When names of places like Beldanga, Barpali and Barabanki crop up in conversations in the perfumed corridors of the St. Regis hotel, Mumbai, you know it is Sustainable Fashion Day at Lakme Fashion Week (LFW). At the 14th edition of the day dedicated to celebrating India’s traditional weaves, creative collaborations between designers and artisans took centrestage yet again.
The Khadi and Village Industries Commission (KVIC) presented a show where Pallavi Shantam’s label Buna, Saloni Sakaria of ‘Third Floor Clothing’, London-based Lars Andersson and bridalwear designer Jewellyn Alvares were teamed with khadi weaving clusters from Burdwan, Murshidabad, Kanjarpur, Malda, Punjab and Chhattisgarh. Even as Rina Singh of Eka presented her most colour saturated and commercially buoyant collection yet, she highlighted the contribution of her textile technicians and cut shuttle weavers from Shantipur, West Bengal, ‘sojani’ embroiderers from Kashmir and chintz wood block developers from Pathapur, Gujarat. This spirit of widening fashion’s rarefied circle and broadening the spectrum of inclusion permeated day two and three of LFW, extending to include the craftsperson, to blur gender binaries and define identity and space.
While terms like Skype and Google Hangouts may not feature in every designer-weaver partnership, for labels like Indigene, Naushad Ali and Three by Pallavi Dhyani, they became mediums of communication in their collaborations with different weaving clusters, thanks to New Delhi-based Digital Empowerment Foundation (DEF). The designers relied on video conferencing to conduct workshops in colour trends and contemporary design with wi-fi enabled handloom weaving communities. Ruchi Tripathi and Jaya Bhatt of Indigene worked with ikat weaving clusters in Barpali and Nuapatna in Orissa. Their collection was a tribute to this resist tie–dyed and woven textile that evolved along the Silk Route in India, Central Asia, even Persia and Syria and took inspiration from motifs, geometric florals, silhouettes and shapes from these regions. Ali was inspired by the weaving cluster village of Musiri in Tamil Nadu and worked their cotton weaves with interesting geometrics, oversized checks and offset stripes into sleek and quilted separates. Dhyani worked in conjunction with the cotton weavers of Saidanpur village in Barabanki, Uttar Pradesh, and presented a relaxed line of separates, predominantly in earthy tones with minimal applique and quilting details. Besides the fact that these labels were able to give traditional crafts a contemporary and commercial voice, the #ArtisansOfDigitalAge showcase was especially interesting because it took the designer-artisan alliance forward with the digital empowerment initiative, working towards socio-economic sustainability.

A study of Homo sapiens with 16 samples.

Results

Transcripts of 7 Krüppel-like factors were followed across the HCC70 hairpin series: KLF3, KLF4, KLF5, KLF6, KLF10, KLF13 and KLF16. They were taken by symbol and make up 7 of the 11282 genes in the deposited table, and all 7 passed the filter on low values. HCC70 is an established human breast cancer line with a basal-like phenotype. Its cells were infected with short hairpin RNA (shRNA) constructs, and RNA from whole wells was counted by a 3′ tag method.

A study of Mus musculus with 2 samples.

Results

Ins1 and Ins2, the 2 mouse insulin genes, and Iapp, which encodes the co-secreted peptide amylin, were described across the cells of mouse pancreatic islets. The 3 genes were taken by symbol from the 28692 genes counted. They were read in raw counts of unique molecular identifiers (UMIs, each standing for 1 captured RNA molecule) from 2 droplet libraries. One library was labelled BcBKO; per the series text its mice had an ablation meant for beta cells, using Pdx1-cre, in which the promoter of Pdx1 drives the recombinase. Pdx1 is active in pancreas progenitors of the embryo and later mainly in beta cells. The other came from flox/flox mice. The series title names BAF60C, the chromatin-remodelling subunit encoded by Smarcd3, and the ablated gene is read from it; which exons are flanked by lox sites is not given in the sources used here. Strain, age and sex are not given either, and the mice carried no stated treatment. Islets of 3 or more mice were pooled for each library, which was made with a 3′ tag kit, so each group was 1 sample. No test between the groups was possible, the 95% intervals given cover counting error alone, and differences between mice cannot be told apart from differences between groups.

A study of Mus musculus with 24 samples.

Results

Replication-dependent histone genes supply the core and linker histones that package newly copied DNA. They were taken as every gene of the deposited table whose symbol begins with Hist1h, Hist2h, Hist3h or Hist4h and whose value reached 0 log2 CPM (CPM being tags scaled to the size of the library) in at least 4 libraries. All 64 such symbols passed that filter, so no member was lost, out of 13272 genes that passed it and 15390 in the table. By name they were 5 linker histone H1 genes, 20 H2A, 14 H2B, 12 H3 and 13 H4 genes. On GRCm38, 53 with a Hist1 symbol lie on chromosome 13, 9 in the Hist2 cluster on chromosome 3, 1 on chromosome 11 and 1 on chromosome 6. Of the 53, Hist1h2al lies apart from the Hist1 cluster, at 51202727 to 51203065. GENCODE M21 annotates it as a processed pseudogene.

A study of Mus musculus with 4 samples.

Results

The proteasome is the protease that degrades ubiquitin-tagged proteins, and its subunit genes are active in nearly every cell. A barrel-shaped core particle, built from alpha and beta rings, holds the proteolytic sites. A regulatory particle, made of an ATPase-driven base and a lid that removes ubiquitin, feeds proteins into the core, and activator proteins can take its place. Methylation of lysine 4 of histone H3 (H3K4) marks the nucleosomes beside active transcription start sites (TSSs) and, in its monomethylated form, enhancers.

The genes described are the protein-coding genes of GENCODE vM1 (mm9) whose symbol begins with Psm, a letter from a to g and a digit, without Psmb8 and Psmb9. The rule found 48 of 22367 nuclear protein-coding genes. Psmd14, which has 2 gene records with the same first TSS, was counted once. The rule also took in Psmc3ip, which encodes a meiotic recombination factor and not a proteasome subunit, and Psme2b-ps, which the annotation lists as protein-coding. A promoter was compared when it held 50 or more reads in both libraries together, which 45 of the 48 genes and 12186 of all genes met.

On Friday afternoon, as part of the #GenderBender group show, designers Resham Karmchandani and Sanya Suri’s male and female models exchanged jackets in a bid to display their label The Pot Plant’s philosophy that clothes needn’t heed gender normative restrictions. While gender neutral could be dismissed as fashion’s latest buzzword, there are a host of young designers, who are pushing the envelope for inclusivity in fashion. The Pot Plant’s ‘100% human’ line saw clamp dyeing, bandhani and hand-painting on kedia angarkhas, relaxed jackets, jumpsuits and pant saris aimed at both sexes. Sumiran Kabir Sharma’s label Anaam presented ‘Behrupiya’, with a fashion-art-performance installation led by poet Divya Dureja, supported by Engendered, a transnational arts and human rights organisation. His motley cast featured a wide spectrum of gender identities, including trans men and women from marginalised Hijra/Kothi communities. In another cubicle, Ayushman Mitra of Bobo Calcutta painted canvasses as his male and female models wore hyper printed and embroidered garments to illustrate his idea of gender homogeneity. Bloni by Akshat Bansal worked with regenerative nylon Econyl, wool and organza to communicate his mantra of neutral sustainability.
Later that evening, Kallol Datta presented ‘Volume 1 Issue 2’ in an installation format in his ongoing quest to understand form, fabric and their interactions with the human body. His preoccupation with the hijab and the subversive use of suppressive forms of clothing continued as shrouds and amplified shapes wore his trademark circular pattern-cutting, layering and cowls. For a man of many ideas and few words, Datta’s deliberations are best experienced in three-dimension.